Since the coronavirus pandemic rocked the US in early spring, the economy has struggled to recover millions of lost jobs while out-of-work Americans have struggled to pay bills. For these individuals, unemployment insurance is vital to staying afloat while looking for employment.
The CARES Act offered a lifeline to unemployed workers through enhanced unemployment payments and extending benefits eligibility to 59 weeks. If you lost your job, the duration you can receive benefits is based on your state.
How Long Can I Receive Regular State Unemployment Benefits?
Many states offer a maximum of 26 weeks if you fulfill the qualification criteria and prove you are actively seeking employment. However, some offer much less. These states include:
- Idaho (22 weeks)
- Missouri and South Carolina (20 weeks)
- Arkansas (16 weeks)
- Alabama (14 weeks, plus an additional five if you register for a state-approved training course)
- Florida and North Carolina (12 weeks)
North Carolina lawmakers approved a measure that gives recipients an extra $50 per week from September 6 to December 26. These payments are retroactive.
One thing to note is that in these states, you don’t only have fewer weeks to receive regular unemployment benefits, but you also have less time to receive extended benefits from the federal government too.
What Federal Unemployment Benefits Can I Receive?
Congress included the Pandemic Emergency Unemployment Compensation (PEUC) program in the CARES Act to give 13 more weeks of unemployment insurance to Americans who lost their jobs during the pandemic and depleted their state benefits. Unless lawmakers renew it, the PEUC will expire on December 31, 2020.
In states experiencing high unemployment levels, PEUC payments can be supplemented with an extra 13 to 20 weeks of federal unemployment insurance. All together, eligible recipients can receive up to 59 weeks of benefits depending on their state.
Independent contractors, gig workers, and other self-employed individuals can apply for the Pandemic Unemployment Assistance (PUA) program, which allows them to receive regular unemployment benefits during the pandemic. This program offers a maximum of 39 weeks.
How Many Weeks Of Extended Benefits Does Each State Provide?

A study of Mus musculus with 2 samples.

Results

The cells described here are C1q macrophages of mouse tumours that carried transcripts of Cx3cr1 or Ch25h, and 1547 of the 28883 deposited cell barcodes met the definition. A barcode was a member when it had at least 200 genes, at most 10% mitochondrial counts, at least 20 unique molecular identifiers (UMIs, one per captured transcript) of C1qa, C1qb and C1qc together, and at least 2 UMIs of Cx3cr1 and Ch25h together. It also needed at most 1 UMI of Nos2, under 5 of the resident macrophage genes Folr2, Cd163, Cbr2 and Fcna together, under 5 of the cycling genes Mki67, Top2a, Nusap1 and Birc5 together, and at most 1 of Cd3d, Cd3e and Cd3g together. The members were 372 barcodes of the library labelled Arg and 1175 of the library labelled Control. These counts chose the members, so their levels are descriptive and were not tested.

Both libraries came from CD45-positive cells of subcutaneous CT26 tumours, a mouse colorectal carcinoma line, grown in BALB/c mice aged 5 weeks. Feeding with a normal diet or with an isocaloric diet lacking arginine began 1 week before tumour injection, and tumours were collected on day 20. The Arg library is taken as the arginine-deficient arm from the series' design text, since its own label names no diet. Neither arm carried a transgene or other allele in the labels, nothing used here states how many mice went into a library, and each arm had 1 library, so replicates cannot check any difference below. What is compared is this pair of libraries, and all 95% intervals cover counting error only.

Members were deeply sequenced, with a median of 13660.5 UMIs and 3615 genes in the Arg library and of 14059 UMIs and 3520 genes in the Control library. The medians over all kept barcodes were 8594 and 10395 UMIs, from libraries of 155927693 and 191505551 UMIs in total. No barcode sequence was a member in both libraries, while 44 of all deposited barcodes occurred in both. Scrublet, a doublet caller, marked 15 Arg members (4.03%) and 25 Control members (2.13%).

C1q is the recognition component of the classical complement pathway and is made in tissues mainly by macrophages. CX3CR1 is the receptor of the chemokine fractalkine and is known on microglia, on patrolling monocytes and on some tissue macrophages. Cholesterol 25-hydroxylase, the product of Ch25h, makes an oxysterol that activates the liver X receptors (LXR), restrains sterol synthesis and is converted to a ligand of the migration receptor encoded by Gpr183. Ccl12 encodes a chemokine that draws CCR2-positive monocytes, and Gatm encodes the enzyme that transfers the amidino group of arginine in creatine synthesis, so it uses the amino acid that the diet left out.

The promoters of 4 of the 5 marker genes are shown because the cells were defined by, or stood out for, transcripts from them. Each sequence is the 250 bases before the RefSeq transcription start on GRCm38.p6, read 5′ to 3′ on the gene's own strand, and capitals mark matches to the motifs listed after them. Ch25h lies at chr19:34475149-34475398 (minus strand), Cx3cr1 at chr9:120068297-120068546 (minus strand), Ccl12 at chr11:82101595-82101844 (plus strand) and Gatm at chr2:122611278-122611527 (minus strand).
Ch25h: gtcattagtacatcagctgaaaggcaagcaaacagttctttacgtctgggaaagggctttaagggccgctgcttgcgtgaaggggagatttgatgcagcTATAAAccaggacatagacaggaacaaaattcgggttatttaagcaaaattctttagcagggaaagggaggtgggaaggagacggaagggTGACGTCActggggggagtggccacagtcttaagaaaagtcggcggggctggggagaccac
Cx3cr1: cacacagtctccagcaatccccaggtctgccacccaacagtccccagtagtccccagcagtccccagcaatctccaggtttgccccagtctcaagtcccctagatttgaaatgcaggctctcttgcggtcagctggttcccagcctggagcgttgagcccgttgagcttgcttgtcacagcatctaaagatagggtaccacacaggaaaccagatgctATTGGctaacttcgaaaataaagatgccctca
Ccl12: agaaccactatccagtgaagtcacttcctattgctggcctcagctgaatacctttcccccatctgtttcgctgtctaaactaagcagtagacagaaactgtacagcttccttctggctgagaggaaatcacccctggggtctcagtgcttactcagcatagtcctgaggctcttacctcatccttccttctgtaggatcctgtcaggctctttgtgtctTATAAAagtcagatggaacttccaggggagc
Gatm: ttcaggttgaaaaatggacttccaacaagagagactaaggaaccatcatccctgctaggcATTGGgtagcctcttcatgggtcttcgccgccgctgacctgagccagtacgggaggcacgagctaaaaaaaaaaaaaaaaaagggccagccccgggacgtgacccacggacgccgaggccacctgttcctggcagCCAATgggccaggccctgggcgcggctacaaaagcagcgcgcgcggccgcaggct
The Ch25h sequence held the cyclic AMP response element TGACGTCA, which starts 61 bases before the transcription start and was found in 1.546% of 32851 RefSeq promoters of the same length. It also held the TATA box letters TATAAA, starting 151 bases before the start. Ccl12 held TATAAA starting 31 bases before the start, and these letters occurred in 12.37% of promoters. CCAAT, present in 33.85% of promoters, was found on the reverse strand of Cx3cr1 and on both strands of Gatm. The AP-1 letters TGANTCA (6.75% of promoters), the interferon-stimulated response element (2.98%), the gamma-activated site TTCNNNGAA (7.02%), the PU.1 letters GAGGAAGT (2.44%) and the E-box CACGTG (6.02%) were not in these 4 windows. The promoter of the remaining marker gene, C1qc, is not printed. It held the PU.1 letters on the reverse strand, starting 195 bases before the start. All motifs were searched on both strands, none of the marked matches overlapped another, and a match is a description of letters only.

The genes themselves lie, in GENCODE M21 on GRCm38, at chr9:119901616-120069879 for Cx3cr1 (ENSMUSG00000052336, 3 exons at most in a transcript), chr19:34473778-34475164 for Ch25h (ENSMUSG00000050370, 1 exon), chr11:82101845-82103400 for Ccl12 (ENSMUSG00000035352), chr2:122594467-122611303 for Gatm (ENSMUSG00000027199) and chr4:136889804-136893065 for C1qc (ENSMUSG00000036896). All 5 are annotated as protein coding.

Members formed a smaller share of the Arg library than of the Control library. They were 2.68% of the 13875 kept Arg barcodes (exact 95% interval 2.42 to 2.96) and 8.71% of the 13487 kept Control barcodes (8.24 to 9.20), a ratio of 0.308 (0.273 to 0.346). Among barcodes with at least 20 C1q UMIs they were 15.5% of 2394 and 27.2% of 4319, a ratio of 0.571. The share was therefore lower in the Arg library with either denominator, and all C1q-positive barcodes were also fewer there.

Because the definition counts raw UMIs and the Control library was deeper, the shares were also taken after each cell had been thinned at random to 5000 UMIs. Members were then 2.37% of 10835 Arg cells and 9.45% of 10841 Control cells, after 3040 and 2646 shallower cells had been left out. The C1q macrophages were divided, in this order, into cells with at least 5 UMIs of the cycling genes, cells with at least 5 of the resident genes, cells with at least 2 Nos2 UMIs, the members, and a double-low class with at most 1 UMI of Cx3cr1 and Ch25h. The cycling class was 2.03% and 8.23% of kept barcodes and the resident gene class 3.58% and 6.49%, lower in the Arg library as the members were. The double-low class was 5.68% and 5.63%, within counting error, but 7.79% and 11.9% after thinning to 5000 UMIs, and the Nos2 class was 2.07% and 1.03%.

Under the PEUC, individuals in any state who have used their regular unemployment benefits can receive extended insurance benefits for 13 more weeks. However, these extra extended payments must be equivalent to the lesser of 13 weeks or half the whole number of weeks of regular state unemployment. In other words, states that provide fewer weeks for standard benefits will also have fewer weeks for extended unemployment.
Additionally, states can choose to implement extended benefits based on their employment levels, which could offer as much as seven extra weeks of payments if the state’s unemployment rate reaches a specific threshold. This would give recipients a maximum of 20 weeks in addition to regular unemployment and PEUC.
The Center on Budget and Policy Priorities provides a list of states where recipients can receive as many as 59 weeks of benefits. These include:
- New Jersey
- New York
- Rhode Island
These states provide 26 weeks for regular insurance, 13 weeks for PEUC, and a 20-week limit for extended benefits.
Right now, 24 states provide 26 weeks for regular state insurance, 13 weeks for PEUC, and up to 13 weeks for extended insurance for a total of 52 weeks. These include:
- New Hampshire
- New Mexico
- West Virginia
Residents living in Washington, DC, Puerto Rico, and the Virgin Islands can also receive the same benefits.
In Montana, qualifying residents can receive benefits for as long as 54 weeks because it offers an extra two weeks of state benefits.
South Carolina provides a maximum of 43 weeks (20 weeks for regular benefits, 12 weeks for PEUC, and ten weeks for extended insurance).
If you live in Nebraska, North Dakota, South Dakota, Utah, and Wyoming, you can get up to 39 weeks if you receive 26 weeks of regular benefits and 13 weeks for PEUC.
Florida and North Carolina residents can receive a total of 31 weeks, with 12 weeks of state benefits, 13 weeks of PEUC, and six weeks of extended payments.
The Center on Budget and Policy Priorities notes that these states provide regular unemployment benefits and PEUC but do not offer extended payments:
- Idaho (35 weeks)
- Missouri (33 weeks)
- Arkansas (29 weeks)
- Alabama (27 weeks)
Enhanced Unemployment Benefits
The $600 weekly unemployment payments were a keynote feature in the CARES Act. After these benefits expired over the summer, President Trump passed an executive action to start the Lost Wages Assistance program, which used funds from the Federal Emergency Management Agency (FEMA) to provide an additional $300 in state unemployment benefits for six weeks. However, the program expired on September 5, and no further benefits have been confirmed.
- Barrett, Jennifer. “How Long Do Extended Unemployment Benefits Last? A State-By-State Guide.” Forbes, Forbes Magazine, 26 Oct. 2020, www.forbes.com/sites/jenniferbarrett/2020/10/26/how-long-do-extended-unemployment-benefits-last-a-state-by-state-guide/.